First teachers to achieve chartered status

The first cohort of teachers will graduate from the Chartered College of Teachers tomorrow

Dame Alison Peacock, chief executive of the Chartered College of Teaching

Tomorrow, the first cohort of teachers will be awarded chartered status from the Chartered College of Teaching in a graduation ceremony at City of London School for Girls.

Chartered status will be awarded to 98 teachers who have undertaken a 14-month programme of learning and assessments at the Chartered College – the teachers’ professional body that opened in 2017.



The graduates have worked across all key stages and have ten years’ of classroom experience on average.

Further education teachers will also receive chartered status, with 52 FE teachers from the Education and Training Foundation attaining a CTeach after achieving Advanced Teacher Status (ATS).

The FE teachers – who achieved ATS through membership body the Society for Education and Training – have worked in a variety of settings, including FE colleges, sixth form colleges, prisons and adult community education.

Dame Alison Peacock, the college’s chief executive, said the first cohort were “pioneers for a new trailblazing opportunity for generations of teachers.”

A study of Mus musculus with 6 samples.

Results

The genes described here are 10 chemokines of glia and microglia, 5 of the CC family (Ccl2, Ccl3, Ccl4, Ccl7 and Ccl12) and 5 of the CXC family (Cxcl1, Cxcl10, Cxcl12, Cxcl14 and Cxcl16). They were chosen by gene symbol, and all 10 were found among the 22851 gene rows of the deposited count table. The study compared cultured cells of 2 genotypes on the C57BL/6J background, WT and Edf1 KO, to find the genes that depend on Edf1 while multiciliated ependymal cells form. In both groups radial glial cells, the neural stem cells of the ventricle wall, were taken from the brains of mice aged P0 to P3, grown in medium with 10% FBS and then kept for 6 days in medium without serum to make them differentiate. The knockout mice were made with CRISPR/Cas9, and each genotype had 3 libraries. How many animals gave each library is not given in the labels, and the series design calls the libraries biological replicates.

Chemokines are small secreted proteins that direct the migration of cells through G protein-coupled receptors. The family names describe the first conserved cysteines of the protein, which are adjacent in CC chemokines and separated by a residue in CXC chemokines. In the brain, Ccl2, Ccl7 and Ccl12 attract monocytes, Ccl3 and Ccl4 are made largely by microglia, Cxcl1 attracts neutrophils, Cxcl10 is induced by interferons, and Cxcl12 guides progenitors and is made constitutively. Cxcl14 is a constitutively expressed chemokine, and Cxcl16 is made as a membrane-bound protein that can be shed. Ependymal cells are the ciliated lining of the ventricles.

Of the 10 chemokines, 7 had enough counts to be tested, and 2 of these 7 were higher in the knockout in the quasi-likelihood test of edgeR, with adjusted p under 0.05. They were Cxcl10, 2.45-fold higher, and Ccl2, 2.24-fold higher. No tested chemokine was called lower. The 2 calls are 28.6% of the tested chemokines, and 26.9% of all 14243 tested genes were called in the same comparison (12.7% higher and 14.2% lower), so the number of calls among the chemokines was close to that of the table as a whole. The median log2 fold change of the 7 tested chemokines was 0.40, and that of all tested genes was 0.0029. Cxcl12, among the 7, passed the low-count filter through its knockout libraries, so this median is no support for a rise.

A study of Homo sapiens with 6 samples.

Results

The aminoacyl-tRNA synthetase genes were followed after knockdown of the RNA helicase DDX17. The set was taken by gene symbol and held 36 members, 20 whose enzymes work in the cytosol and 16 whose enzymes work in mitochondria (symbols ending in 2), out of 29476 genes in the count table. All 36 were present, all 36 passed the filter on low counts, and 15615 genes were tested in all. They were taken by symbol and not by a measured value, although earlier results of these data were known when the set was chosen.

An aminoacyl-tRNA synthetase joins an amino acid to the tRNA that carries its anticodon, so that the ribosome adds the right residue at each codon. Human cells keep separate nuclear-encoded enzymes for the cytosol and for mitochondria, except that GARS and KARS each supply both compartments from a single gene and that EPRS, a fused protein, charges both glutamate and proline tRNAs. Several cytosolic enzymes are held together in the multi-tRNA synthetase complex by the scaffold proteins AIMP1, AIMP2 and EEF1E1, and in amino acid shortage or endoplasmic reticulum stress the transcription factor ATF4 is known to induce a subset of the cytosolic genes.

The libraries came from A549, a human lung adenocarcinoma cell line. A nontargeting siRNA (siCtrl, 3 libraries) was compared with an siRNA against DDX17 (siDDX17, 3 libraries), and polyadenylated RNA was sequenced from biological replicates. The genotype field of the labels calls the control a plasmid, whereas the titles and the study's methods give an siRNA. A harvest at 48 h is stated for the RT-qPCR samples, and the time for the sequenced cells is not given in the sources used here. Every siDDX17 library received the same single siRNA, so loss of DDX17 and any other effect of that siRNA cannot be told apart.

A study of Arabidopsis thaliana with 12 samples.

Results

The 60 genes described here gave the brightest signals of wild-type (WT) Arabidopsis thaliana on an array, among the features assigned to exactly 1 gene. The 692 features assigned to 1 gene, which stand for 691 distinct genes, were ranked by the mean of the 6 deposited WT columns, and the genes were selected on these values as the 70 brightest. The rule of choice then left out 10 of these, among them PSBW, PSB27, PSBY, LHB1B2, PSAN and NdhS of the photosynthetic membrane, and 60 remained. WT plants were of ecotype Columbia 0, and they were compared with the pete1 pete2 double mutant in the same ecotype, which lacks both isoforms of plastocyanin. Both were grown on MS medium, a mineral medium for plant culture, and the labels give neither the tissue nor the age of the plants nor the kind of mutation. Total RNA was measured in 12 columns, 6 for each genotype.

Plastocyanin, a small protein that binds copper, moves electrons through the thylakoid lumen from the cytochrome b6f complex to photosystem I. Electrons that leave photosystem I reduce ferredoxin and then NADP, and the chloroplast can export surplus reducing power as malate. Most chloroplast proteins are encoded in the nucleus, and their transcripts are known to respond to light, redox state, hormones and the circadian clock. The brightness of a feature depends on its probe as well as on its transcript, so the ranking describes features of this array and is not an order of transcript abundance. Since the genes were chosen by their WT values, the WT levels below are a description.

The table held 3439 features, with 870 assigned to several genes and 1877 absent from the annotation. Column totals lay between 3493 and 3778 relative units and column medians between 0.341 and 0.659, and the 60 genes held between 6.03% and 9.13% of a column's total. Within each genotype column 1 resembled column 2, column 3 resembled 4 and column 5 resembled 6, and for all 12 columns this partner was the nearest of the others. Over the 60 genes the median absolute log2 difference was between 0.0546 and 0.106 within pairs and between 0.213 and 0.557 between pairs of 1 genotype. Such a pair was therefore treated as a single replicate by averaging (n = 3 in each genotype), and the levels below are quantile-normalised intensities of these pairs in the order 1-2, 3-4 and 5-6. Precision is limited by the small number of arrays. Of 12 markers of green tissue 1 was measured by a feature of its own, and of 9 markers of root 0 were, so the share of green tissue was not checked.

“Design and accreditation of our CTeach programme has been a major part of our collective endeavour to rebuild the professional status of teaching. These teachers take with them into their school confidence born out of rigorous study and a commitment to share this knowledge in the spirit of collaboration,” she said.

“Congratulations to all that have achieved this prestigious qualification, your success will help to make an alternative high-status future a reality for other teaching professionals.”

David Russell, chief executive of the Education and Training Foundation, said: “On behalf of everyone at the Education and Training Foundation, I would like to congratulate all of those graduating today. To become a chartered teacher is an immense accomplishment and proves that they are amongst the very best in the profession.”

However, doubts have been raised about the Chartered College's future. Last month, Tes revealed that it is still reliant on the Department of Education for 40 per cent of its funding, just nine months before Dame Alison claimed it would be fully self-sufficient.

Tes reported that some individuals within the DfE felt the college had not yet proved itself. One source with knowledge of discussions in the department said that killing off the college would be a “brave decision” but was not impossible. 

The college has just months to increase its membership from 26,000 to meet its target of 40,000. To hit the target, the college would need to increase its rate of recruitment by 1,400 per cent compared to the previous nine months.